Felipe IV of Spain


Spanish Kings

Hannah Myers

Felipe IV, or as he is better known in the English speaking world, Phillip IV, was King of Spain from 1621 until his death in 1665. He reigned in Portugal as Phillip III for a slightly shorter period, up until the year 1640.

  • Phillip IV was faced with a handful of difficult decisions during his time as King, many of these concerned with relations with both the French and the Dutch.

  • Phillip IV was King of Spain for a period of 41 years, and of Portugal for 19; famed for his relations with a range of women, and his steadfast Catholic faith.

Phillip was King of Spain during the Thirty Year’s War, a difficult period in European history. On beginning his reign, Phillip joined with the Holy Roman Empire in order to bring about a more assertive foreign policy. Notable aspects of his reign also include the pursuit of a strategy which aimed to negotiate with the Dutch for the benefit of Spain, and the difficult dilemma regarding whether to prioritize Spain’s relations with France during the War of the Mantuan Succession, or the war in Flanders.

His parents were Margaret of Austria and Phillip III. At just 10 years old, Phillip married Elisabeth of France, who was 13 at the time, with whom he went on to have 7 children, only one of which was male. Phillip’s son, Balthazar Charles, sadly died in 1646, at just 16 years old. The way people saw the King changed considerably over time, with many thinking him unnecessarily pious, or to have overly adhered to the concept of ‘religious dignity’. Phillip was also renowned for his keen interests in culture; he frequently visited the theatre and was supposedly particularly strong academically, proficient in several languages. During his youth, Phillip reportedly enjoyed attending ‘academies’, which saw modern literary works enjoyed in a marginally humorous light, yet in terms of his governing style, many considered Phillip’s weaknesses to center on a lack of self-confidence, resulting in excessive delegation. He is also well known for his relations with women; the most famous of his affairs was with famous actress Maria Ines Calderon, who went on to become his mistress, and gave birth to a son, Juan Jose, in 1629.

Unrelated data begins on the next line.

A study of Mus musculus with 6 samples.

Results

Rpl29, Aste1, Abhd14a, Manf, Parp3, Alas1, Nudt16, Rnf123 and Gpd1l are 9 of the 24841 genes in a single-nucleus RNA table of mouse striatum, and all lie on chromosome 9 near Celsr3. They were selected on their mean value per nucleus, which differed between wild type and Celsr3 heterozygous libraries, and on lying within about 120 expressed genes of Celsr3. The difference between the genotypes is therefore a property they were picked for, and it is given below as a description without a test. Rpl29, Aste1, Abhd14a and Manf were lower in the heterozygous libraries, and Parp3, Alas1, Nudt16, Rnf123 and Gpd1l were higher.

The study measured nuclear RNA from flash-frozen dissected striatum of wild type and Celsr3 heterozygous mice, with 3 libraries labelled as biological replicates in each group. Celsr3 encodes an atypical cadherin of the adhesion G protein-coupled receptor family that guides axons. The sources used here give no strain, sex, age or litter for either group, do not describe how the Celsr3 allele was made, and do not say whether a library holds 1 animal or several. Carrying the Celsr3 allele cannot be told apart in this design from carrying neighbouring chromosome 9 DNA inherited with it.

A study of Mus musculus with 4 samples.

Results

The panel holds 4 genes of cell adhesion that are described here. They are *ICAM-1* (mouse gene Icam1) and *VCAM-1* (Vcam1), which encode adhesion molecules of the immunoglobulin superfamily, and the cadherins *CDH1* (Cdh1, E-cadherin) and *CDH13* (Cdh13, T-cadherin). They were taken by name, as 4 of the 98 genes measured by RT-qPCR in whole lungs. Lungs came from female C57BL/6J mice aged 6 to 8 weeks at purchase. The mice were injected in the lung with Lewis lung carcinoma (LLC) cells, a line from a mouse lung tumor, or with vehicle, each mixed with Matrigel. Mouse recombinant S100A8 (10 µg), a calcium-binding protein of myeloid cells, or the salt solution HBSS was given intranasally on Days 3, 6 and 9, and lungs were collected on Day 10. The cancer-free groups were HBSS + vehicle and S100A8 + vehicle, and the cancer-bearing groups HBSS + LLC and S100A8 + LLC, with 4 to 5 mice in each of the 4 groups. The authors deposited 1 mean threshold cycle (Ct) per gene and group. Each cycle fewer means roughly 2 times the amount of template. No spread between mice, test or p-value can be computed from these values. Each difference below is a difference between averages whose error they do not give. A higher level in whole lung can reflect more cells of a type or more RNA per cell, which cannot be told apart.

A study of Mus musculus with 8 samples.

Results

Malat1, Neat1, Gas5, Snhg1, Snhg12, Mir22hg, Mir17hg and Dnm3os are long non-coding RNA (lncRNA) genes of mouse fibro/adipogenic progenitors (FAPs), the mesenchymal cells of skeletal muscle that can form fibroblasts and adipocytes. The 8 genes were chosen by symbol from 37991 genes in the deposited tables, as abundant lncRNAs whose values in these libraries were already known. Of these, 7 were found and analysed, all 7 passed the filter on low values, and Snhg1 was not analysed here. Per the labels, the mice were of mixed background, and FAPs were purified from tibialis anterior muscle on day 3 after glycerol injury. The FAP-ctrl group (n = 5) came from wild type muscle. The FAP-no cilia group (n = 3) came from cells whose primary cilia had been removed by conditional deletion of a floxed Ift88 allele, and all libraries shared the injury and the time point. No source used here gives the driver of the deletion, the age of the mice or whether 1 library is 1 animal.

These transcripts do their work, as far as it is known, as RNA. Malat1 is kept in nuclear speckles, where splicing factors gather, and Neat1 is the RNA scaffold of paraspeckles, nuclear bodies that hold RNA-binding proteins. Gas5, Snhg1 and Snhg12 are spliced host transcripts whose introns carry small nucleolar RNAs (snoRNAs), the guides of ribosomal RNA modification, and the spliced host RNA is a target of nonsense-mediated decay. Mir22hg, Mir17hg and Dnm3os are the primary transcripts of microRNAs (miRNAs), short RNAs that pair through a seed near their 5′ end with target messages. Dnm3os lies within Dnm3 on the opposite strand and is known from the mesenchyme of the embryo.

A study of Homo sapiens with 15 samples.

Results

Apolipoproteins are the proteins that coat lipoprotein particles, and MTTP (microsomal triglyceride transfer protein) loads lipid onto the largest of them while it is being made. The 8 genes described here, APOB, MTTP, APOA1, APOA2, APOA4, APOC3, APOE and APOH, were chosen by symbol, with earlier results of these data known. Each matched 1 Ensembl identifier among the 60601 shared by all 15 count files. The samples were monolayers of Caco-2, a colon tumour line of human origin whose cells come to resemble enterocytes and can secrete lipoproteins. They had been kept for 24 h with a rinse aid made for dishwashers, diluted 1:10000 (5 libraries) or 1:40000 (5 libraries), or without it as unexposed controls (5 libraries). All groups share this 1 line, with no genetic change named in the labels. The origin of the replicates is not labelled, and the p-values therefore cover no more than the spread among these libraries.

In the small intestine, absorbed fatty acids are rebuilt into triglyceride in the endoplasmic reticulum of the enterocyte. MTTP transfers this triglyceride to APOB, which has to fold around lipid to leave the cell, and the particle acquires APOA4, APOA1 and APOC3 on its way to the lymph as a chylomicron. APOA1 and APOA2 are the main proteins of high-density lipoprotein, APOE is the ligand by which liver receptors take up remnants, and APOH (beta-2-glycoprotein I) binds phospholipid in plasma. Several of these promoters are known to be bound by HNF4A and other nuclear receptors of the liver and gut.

On inheriting an impressively sized Empire from Phillip III, his father, it was surprising that most issues encountered during his time as King actually stemmed from problems within Spain. In the start of the 17th century, a number of provinces and kingdoms together formed Spain, united via the monarchy of Castile and Phillip IV. Influenced in part by Olivares, his most trusted royal, Phillip made attempts to change the system to reduce chaos and improve efficiency, which involved implementing juntas, committees which aimed to put policies into action more quickly. Other efforts made involved working closely with the church to more carefully monitor the sexual behaviors of priests, and all brothels which had been run legally were shut down under his rule.

King Phillip was also closely associated with religion, with the catholic faith intrinsically weaved into his life, becoming particularly relevant towards his death. He was known for his fascination with the painting Nuestra Señora del Milagro. In fact, during his marriage to Elisabeth, Phillip is reported to have put his children under the painting’s protection, obviously believing in its substantial spiritual value. Phillip’s faith was evident in both his belief that the successes and failures making up his period as King were reflective of God’s judgement, and in the trust he placed in Sister Maria de Agreda, with whom he exchanged hundreds of letters, in the hope that she could, via her faith, have some influence on repairing a struggling Spain.